Plus: The Lawsuit in Colorado That Could Block Trump from the Ballot
AMERICAN POLITICS HAS ALMOST ALWAYS been a two-party system, although the parties in that system—their names, platforms, and voting coalitions—have shifted many times. Since the latter half of the twentieth century, the country has been in what political scientists call the Sixth Party System—which is to say, the sixth period of relatively stable coalitions.
Scholars don’t agree if this equilibrium still holds or if it’s in the process of fracturing and reassembling into a Seventh Party System.
What we do know is that before the Sixth Party System came about, there was a period of what some scholars call “dealignment,” meaning: When Republicans and Democrats abandoned their parties in the 1960s, they didn’t just immediately re-sort—they took some time to bring about the realignment
This pronouncement—considered, capricious, with its dark windy night and fey off-kilter strangeness—is typical of Sylvia Townsend Warner’s 1926 novel, Lolly Willowes.
KIMBERLY WEHLE: The Lawsuit in Colorado That Could Block Trump from the Ballot.
ON MONDAY, A FIVE-DAY EVIDENTIARY HEARING began in a Colorado state court on a civil lawsuit brought against the Colorado secretary of state and Donald J. Trump seeking to enforce Section 3 of the Fourteenth Amendment to the Constitution by banning Trump from the presidential ballot in 2024 in that state. Although the case feels like a footnote to the four high-profile criminal trials awaiting Trump, it is the only one that could have a direct impact on the 2024 election.
Bear in mind that the original U.S. Constitution sets forth only three criteria for the presidency: citizenship (“a natural born Citizen”), age (“thirty five Years”), and residency (“fourteen Years a Resident within the United States”). When the Twenty-second Amendment took effect in 1951, it added another criterion: no one could be elected president who had previously served two terms. The Constitution says nothing about felony status or even that presidents must not reside in prison when elected. If Trump is convicted in any of the four criminal cases—the two state cases (in New York and Georgia) and the two in federal court (in Florida and Washington, D.C.)—it would not render him constitutionally ineligible for the presidency. The only way he stays off the ballot is if the Republican party refuses to nominate him (a fantasy), or enough states refuse to put him on their respective ballots so as to make 270 Electoral College votes for him an impossibility.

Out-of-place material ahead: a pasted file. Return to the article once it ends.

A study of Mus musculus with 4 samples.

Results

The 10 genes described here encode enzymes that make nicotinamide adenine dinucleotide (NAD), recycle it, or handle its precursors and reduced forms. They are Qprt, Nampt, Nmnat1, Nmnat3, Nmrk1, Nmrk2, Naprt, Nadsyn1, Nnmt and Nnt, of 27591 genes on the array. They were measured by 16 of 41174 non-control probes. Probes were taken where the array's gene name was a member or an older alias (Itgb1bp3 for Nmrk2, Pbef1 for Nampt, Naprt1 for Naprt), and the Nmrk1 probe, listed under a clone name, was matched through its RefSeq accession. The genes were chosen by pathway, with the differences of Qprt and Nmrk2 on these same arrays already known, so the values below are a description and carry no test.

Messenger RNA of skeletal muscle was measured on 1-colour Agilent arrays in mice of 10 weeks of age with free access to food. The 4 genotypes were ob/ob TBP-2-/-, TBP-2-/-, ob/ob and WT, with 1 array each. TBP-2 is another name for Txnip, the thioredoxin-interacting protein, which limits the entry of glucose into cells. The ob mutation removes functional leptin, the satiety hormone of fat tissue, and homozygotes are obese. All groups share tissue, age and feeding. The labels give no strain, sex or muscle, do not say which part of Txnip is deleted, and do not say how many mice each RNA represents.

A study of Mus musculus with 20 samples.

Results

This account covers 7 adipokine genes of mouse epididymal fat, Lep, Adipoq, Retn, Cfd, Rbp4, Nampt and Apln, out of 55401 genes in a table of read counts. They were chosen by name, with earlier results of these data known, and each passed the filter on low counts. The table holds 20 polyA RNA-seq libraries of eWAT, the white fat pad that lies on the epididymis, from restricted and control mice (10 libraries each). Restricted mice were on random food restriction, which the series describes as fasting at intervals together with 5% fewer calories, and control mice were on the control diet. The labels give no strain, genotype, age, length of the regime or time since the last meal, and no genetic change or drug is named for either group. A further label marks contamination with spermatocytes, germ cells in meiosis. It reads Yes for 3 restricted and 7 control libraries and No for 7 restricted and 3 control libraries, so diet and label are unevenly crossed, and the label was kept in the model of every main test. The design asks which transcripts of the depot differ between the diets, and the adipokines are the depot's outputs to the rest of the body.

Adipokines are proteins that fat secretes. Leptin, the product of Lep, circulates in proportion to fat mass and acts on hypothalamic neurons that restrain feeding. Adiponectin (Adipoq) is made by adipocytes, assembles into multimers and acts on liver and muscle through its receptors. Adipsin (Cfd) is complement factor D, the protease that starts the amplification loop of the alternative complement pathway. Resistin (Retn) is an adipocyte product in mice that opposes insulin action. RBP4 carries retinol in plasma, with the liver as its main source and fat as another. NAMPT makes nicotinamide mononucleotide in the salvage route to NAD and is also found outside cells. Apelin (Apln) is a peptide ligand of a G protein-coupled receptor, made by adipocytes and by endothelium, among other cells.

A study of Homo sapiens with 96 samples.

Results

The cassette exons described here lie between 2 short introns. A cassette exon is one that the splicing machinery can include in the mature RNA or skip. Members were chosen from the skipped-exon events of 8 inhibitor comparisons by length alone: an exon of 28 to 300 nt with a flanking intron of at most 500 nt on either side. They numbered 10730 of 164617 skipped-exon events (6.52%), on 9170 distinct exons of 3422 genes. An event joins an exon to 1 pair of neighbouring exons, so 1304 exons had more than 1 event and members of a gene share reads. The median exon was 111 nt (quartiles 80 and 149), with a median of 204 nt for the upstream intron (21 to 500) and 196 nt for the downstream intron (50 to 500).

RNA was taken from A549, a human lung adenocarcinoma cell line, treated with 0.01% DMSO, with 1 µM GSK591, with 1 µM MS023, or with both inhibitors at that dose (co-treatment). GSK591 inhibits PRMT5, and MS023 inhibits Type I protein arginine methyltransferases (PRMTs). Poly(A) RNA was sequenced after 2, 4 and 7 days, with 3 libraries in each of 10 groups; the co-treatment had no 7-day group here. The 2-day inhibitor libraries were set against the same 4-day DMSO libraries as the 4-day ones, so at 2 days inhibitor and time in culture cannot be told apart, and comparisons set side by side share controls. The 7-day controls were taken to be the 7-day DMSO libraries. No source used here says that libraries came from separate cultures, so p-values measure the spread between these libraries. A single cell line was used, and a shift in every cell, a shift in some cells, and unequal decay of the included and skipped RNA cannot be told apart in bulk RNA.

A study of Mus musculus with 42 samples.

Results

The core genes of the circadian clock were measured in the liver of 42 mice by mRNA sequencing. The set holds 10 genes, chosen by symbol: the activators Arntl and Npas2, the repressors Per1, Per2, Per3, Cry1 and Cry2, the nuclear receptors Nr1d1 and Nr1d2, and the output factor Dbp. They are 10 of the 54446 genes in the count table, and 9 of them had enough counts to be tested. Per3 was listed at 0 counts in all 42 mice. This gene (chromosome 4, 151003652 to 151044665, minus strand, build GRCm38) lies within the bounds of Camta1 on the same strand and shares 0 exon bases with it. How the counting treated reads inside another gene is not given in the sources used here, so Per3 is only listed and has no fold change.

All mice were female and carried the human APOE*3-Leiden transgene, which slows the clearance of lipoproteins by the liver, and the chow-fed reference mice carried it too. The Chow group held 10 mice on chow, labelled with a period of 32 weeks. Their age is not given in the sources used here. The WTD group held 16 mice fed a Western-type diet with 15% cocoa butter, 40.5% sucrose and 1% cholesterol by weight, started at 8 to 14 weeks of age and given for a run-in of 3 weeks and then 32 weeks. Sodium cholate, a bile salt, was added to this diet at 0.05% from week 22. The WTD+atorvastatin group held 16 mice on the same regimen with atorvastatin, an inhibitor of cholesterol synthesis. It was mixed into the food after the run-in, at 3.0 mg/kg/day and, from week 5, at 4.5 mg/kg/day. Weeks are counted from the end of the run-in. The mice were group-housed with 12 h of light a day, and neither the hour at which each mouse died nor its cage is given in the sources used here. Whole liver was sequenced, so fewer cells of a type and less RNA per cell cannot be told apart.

Happy Halloween! In Saint Louis, kids tell jokes at Halloween, which is apparently from Irish culture. I’ve gotten enough mileage out of my Ted Lasso costume—and it’s hard to beat Pierre Delecto—so I’m cashing in on some lazy dad points and going as former Blues Stanley Cup champion Jaden Schwartz.
Sec. of State Blinken dressed his son as Zelensky and you can imagine how well that’s going on the right1. Come chat on Substack Notes on my Halloween thread to share the funniest/best decorations you’ve seen.
Inside the Oakland Coliseum… I’m not a big fan of ballhawks, but since I won’t ever get to see an Oakland Athletics home game, a regret, this is a cool stadium tour.
Trump’s Derangement Syndrome… Sheila Markin asks: who is deranged here?
In One Lawsuit, Louisiana & Missouri Say Gov’t Can Never Pressure Websites To Change… But in another, they’re looking to pressure websites to change.
Ron DeSantis has a new explanation for his failing campaign… It’s Alvin Bragg’s fault? I’m Ron Burgundy?
…and in Colorado… A would-be mass shooter opted just to take his own life, writing on the wall of the stall where he took his own life: “I am not a killer, I just wanted to get into the caves.”
It will not shock you… To learn that Lindsey Graham reportedly told his Senate colleagues to support Kari Lake.
I’ll have what he’s having… Vivek Ramaswamy’s foreign policy requires some sort of mind-altering drugs to make sense.
Our Humanity Cannot be Limited… Standing against anti-semitism is not a choice but an obligation, writes Faraaz Ahmed.
The flight of The Seguras… Comedian Tom Segura has a surprise for his mom for her birthday: a surprise helicopter stunt ride.
Only in Washington… Would byzantine bureaucratic rules hamper a high profile sexual assault investigation and you’ll never guess why: law firms have to be small local businesses.
Bolivia severs ties with Israel… President Luis Arce becomes the second Bolivian president to do so. The first, Evo Morales, was ousted and sought political asylum.
Another Southern Baptist Betrayal… Revelations of a scandalous amicus brief raise a question for Chris Davis: Who’s driving the SBC?